Investigators have launched an inquiry into former Ukrainian Prime Minister Yulia Tymoshenko, accusing her of misusing public funds.
Mrs Tymoshenko, now the main opposition leader, has been told not to leave the capital, Kiev.
She says she is accused of illegally diverting money meant for environmental projects into pension funds.
Mrs Tymoshenko, who lost power in March in a no-confidence vote, said the inquiry was politically motivated.
"The authorities continue to systematically terrorise the opposition without any respect for the law or constitution," she said in a statement on her website.
Yury Boichenko, a spokesman for the prosecutor's office, told AFP news agency that an inquiry had begun, but he did not go into details.
Reports say the accusations are related to an audit of her cabinet's affairs ordered by the new government, which is allied to President Viktor Yanukovych, her long-time political rival.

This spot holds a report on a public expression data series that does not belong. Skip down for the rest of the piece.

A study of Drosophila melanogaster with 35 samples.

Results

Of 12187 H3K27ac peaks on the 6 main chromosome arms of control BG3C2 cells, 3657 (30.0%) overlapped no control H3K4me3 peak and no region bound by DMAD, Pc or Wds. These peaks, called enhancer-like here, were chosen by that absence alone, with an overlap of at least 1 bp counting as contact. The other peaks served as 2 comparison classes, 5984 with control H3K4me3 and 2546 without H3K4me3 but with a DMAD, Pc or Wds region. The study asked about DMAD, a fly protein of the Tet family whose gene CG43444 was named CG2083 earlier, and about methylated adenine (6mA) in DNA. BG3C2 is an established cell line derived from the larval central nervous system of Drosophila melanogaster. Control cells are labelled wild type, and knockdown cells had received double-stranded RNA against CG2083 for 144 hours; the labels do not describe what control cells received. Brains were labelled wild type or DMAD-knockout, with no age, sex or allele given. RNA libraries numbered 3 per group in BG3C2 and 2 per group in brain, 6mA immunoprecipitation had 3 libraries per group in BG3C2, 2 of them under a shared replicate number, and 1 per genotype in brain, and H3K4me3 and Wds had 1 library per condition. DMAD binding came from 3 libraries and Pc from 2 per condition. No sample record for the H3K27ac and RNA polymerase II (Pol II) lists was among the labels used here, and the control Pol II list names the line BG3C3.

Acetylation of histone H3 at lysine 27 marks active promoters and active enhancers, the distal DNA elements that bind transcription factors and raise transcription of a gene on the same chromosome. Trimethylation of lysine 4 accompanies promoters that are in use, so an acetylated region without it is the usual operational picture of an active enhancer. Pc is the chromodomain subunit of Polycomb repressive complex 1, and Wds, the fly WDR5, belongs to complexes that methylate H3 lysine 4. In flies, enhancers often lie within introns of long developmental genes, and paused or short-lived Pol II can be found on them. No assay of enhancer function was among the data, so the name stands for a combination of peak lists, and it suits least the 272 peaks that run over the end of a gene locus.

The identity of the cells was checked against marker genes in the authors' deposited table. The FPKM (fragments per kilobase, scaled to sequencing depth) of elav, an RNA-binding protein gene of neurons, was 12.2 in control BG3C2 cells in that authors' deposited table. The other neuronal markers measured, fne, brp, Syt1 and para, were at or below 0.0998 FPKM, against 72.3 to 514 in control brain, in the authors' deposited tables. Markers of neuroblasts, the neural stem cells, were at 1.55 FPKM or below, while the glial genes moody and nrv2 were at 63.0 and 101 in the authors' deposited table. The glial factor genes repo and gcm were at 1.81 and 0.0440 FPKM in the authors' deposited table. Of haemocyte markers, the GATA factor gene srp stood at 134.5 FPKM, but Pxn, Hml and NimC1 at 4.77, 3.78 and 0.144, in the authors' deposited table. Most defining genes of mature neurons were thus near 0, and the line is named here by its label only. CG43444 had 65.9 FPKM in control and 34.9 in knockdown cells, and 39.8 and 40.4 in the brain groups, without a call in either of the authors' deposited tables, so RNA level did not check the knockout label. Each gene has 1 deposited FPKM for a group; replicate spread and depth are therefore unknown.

The auditors' report, published in October, alleged misuse of funds from the selling of carbon emission rights under the Kyoto protocol.
But Mrs Tymoshenko insisted that funds from the sales of Kyoto quotas, totalling 320m euros (£270m; $425m), had not been spent and were still at the disposal of the environment ministry.
"An expert needs one minute to see that there was no transfer of environmental funds," she said.
"Pensions were paid, but not with environmental funds."
She said investigators had ordered her to return for more questioning next Monday.
On Tuesday, former Environment Minister Georgy Filipchuk was detained over the investigation into Kyoto funds - the third minister from Mrs Tymoshenko's government to be accused of abuse of power.